23. Read books that are out of your league

30 May

How’s it going? Me? I’m just moving in with the bf soon (Oh thank you, no need for congratulations!) The business of moving has taken up a lot of my free time and the little bit of free time I have left has been spent lying in bed sighing the stress out of my body, but I’ll persevere with the blog updates!

Here’s the latest one:

23) Read books that are out of your league.

I was inspired by this recent Forbes post, and while the business-oriented tone of the article leaves a rusty copper aftertaste, I DID find a lot of merit in the advice that a person should read books that are difficult.

The great news is that books that are out of your league are very easy to find because there is always someone smarter than you who’s written one. I don’t mean that as an insult, but I do mean it as a warning to approach these books with a great deal of humility and respect before you decide they’re a load of bs*.

The first hard book I ever read was Hamlet which was assigned to me by my favorite teacher of all time Ms. Lange. I was in sixth grade and she expected us to read and then perform Shakespeare’s classic. You have to bear in mind that we were public school kids and pretty idiotic at that. The closest I had gotten to fine art were watching repeats of Sesame Street with grandma.

I loved Hamlet even if I only understood about half of it. Ms. Lange walked us through the basic plot and I was swept up in the tragedy, the betrayals, the madness–most of which came from the Mel Gibson adaptation–and I devoured more books.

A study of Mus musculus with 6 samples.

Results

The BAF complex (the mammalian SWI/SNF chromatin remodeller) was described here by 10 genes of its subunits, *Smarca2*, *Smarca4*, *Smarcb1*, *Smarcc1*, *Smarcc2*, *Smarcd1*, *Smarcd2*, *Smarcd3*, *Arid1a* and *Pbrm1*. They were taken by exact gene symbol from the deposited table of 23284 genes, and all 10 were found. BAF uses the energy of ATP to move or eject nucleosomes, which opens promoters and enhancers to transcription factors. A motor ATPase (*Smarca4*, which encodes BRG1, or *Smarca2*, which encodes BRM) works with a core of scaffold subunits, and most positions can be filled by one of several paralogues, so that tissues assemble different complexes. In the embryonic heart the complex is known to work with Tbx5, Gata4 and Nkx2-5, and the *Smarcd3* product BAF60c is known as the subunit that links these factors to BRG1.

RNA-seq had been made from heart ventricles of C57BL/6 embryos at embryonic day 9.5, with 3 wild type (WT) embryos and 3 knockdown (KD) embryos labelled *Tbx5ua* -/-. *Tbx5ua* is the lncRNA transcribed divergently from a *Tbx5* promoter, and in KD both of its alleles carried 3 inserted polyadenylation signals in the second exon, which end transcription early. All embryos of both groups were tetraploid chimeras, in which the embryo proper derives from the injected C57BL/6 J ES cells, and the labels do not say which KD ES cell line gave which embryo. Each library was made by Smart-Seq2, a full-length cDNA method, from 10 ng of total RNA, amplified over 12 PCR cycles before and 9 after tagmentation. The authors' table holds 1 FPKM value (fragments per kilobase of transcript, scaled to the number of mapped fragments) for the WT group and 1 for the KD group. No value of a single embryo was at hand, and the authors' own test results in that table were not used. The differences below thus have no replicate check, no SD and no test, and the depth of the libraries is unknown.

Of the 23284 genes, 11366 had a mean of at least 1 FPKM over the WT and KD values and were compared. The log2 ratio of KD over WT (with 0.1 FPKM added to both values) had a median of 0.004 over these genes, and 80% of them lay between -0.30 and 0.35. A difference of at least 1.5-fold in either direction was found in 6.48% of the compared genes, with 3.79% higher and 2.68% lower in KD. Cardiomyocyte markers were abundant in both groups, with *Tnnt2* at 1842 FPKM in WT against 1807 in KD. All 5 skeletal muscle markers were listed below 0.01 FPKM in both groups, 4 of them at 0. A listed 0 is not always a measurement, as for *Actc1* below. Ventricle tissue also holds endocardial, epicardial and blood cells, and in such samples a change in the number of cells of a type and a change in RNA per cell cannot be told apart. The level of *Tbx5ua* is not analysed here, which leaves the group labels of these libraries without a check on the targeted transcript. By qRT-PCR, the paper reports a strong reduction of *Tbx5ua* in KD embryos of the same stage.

After Ms. Lange and Junior High I was placed in an AP high school class where the teacher handed us Les Misérables, which is a 300+ chapter monstrosity, and we were to finish it without any hand-holding. I read it all, devouring the suffering souls of the characters within, even if I didn’t 100% understand all of it.

I learned that It’s not correct to say in absolute terms that you know how to read because there are phrases and sentence structures that I wasn’t prepared for when I was younger, and which my eyes must have glazed over, but which now can unfold beautifully from years of experience with reading.

I read Moby Dick on my own because I’d heard it was THE classic, and I was disappointed that no one had assigned it to me. Reading the Herman Melville novel opened my eyes to a new way of writing, similarly to what Hamlet did to my Junior High perception of books. I simply didn’t know expressing yourself in that way was even an OPTION.

Don’t mistake my love of hard books for sadomasochism either; I’m not afraid to admit that I didn’t understand 100% of what I was reading at all times, but I did enjoy the almost forbidden nature of enjoying these stories that seemed like they weren’t meant for me. It turns out that it’s a great skill to have, the will to forge on through pages of tough stories, because the stories also toughen you up for any potential challenges in life.

Read books that are out of your league because there will be things presented to you that are out of reach, and the presenter will shake his head and say “it’s too complicated for you to understand,” but you’ll be well prepared to reply “maybe, but I can try.”

*I’m calling out Infinite Jest as a pile of BS. I tried reading it and had the distinct impression I was being conned. Maybe I’m right, or maybe I still have some growing up to do.